Over a fun Wednesday lunch, Stephen Carlson (who was passing through town) and I talked about why Morton Smith never admitted to fabricating Secret Mark. If he created Clement’s letter for the reasons Stephen thinks, one would expect him to have fessed up in order to prove how smart he was.
Recall Carlson’s distinction between forgeries and hoaxes:
“While the circumstances surrounding Secret Mark do not support the conclusion that it is a criminal forgery done to defraud, that does not exhaust the possibilities of its being a twentieth-century fake. Secret Mark could also be a hoax. Although hoaxes share with forgeries the element of creating a document with the intention to deceive, hoaxes are done with a different motive — to test the establishment, whether to expose flaws in the gatekeepers of authenticity, to exhibit one’s skill and cunning, or to take pleasure in the failure of self-appointed experts to pass the test.” (Gospel Hoax, p 78)
On my earlier list of Top 20 Literary Hoaxes, I made no distinction between forgeries and hoaxes (since by most definitions they’re often the same thing), though I distinguished between motives involving profit, attention-grabbing, or ideological-support (Carlson’s “forgeries”) and pranking/testing (Carlson’s “hoaxes”). I confess that Stephen’s terminology has grown on me for these motive factors.
Reason being, forgers don’t want to get caught while hoaxers ultimately do. That’s their payoff: not money or ideology, but satisfaction from showing the world how superiorly clever they are. That’s why Dionysius, the “Ern Malley” authors, and Alan Sokol (#’s 6, 11, & 15 on my list) came clean. The fallibility or gullibility of others goes unnoticed unless the hoaxer eventually fesses up. But Morton Smith never fessed up. Does this undermine Carlson’s (and Donald Akenson’s) claim that Secret Mark was fabricated, above all, for the sake of testing scholars and having a good laugh?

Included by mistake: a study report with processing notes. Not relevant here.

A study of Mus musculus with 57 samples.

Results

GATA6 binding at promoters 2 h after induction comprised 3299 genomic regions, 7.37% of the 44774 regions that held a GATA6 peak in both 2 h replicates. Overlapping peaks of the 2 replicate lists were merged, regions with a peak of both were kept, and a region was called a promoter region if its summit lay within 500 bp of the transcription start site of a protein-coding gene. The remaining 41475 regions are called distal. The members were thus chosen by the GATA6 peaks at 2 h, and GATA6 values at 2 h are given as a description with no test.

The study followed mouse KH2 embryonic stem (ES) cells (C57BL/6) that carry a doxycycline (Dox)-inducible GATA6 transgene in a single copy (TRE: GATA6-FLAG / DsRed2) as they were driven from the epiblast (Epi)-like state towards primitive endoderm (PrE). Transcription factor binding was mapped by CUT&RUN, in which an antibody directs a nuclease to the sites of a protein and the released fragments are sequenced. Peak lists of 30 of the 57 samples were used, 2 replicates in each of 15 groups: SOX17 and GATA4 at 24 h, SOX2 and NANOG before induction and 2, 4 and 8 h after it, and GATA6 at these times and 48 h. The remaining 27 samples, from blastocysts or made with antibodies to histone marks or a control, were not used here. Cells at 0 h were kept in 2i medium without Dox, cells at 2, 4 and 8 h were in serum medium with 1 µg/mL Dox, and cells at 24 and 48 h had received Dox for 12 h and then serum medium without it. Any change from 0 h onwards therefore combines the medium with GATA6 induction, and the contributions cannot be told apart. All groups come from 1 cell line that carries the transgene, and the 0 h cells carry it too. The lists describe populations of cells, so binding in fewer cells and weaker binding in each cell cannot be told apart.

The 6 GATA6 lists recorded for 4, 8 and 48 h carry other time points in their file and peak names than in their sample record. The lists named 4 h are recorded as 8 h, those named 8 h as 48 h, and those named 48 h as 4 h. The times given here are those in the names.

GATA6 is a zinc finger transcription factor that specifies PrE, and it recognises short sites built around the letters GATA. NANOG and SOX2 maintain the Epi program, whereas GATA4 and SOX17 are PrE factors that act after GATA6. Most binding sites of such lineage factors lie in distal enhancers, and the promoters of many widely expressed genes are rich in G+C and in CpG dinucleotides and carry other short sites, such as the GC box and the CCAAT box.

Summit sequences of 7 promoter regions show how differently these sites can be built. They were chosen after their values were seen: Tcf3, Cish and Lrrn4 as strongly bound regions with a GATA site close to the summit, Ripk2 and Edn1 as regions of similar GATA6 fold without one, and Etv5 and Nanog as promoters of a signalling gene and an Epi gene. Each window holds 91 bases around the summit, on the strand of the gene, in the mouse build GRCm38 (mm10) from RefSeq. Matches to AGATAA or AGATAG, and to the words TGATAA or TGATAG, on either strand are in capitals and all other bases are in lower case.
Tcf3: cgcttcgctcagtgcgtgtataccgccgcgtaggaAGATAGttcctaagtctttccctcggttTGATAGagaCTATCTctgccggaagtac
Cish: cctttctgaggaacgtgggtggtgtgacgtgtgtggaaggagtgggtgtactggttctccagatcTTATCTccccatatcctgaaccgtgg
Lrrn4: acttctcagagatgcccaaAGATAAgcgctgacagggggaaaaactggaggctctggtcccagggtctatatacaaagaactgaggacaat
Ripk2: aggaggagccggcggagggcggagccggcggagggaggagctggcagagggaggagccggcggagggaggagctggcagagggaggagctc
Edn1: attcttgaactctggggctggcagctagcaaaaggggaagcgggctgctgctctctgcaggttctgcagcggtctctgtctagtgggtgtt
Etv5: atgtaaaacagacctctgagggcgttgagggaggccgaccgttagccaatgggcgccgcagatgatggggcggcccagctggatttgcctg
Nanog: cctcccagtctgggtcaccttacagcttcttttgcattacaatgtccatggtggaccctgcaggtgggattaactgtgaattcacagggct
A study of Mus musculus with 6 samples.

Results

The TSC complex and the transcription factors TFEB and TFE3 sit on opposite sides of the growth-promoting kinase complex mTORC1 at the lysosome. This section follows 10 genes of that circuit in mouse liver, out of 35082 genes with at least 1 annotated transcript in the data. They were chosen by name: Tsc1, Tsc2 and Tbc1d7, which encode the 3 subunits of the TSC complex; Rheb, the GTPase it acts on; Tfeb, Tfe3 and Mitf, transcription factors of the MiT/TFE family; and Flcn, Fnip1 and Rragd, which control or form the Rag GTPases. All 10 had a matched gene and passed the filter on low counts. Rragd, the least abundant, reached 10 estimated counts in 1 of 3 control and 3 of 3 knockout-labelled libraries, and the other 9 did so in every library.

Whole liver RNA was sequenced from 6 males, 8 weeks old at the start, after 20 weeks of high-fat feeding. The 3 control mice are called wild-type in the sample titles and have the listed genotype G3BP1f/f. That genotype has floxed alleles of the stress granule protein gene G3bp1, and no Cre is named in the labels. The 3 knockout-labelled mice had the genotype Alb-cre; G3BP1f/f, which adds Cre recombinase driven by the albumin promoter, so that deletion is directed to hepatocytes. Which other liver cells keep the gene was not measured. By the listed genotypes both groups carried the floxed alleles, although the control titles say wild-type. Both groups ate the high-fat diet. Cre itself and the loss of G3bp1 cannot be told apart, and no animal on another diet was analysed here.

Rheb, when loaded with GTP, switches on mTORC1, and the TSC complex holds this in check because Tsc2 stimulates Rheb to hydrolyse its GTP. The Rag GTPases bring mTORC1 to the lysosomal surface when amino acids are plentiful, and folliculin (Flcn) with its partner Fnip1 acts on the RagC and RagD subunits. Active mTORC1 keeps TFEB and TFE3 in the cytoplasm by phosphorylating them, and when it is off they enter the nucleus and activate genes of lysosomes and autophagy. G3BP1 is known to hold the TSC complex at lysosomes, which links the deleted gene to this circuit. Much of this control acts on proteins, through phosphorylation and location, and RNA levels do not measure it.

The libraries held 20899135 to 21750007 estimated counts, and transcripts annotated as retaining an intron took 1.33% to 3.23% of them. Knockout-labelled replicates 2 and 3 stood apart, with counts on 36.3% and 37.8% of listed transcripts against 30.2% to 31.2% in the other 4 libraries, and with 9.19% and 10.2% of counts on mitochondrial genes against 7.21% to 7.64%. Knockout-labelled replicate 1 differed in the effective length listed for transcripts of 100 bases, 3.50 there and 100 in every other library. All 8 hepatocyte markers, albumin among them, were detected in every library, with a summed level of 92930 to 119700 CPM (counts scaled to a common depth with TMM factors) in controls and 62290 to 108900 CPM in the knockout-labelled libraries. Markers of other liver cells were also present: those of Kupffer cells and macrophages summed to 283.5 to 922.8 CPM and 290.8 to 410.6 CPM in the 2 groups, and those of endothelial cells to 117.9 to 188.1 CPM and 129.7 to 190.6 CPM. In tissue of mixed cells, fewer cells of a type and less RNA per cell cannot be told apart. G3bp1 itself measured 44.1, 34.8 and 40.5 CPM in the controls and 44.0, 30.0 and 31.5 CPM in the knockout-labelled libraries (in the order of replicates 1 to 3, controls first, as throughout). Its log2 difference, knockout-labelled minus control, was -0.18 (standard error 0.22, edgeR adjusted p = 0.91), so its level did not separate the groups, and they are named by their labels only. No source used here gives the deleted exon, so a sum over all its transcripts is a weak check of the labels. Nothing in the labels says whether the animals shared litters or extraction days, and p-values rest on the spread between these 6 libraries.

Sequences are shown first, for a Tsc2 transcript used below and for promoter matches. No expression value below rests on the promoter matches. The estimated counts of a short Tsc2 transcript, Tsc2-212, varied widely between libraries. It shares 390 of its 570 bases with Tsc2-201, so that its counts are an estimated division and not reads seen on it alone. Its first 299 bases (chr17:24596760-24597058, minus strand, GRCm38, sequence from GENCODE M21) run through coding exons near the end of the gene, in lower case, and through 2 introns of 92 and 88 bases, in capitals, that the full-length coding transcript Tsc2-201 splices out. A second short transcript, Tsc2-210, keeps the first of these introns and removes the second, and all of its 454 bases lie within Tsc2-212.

Stephen was asked this question by Steve Shoemaker, whose radio interview is archived online (see Nov 27, ’05). Stephen’s response squares with what he hints at by way of irony on p 86 of Gospel Hoax: it was Smith’s friends who ended up “running with Secret Mark”, while his enemies refused to be taken in by it. (“If Smith was motivated partly by malice against his opponents, it is ironic that exposure of Smith’s hoax may end up hurting mainly those who trusted him.” p 86) Smith, in other words, created more of a monster than he’d ever bargained for. With fellow-liberals like Koester devoting their careers to Secret Mark, how could he have played into enemy hands by undermining their scholarly credibility?
Then too we should bear in mind that not all pranksters reveal themselves in the long run, and Smith may not be as exceptional as initially supposed. No one disputes Paul Coleman-Norton’s prank (#20 on my list), but he never fessed up either. Perhaps, in the end, Coleman-Norton and Smith had a sense of shame after all.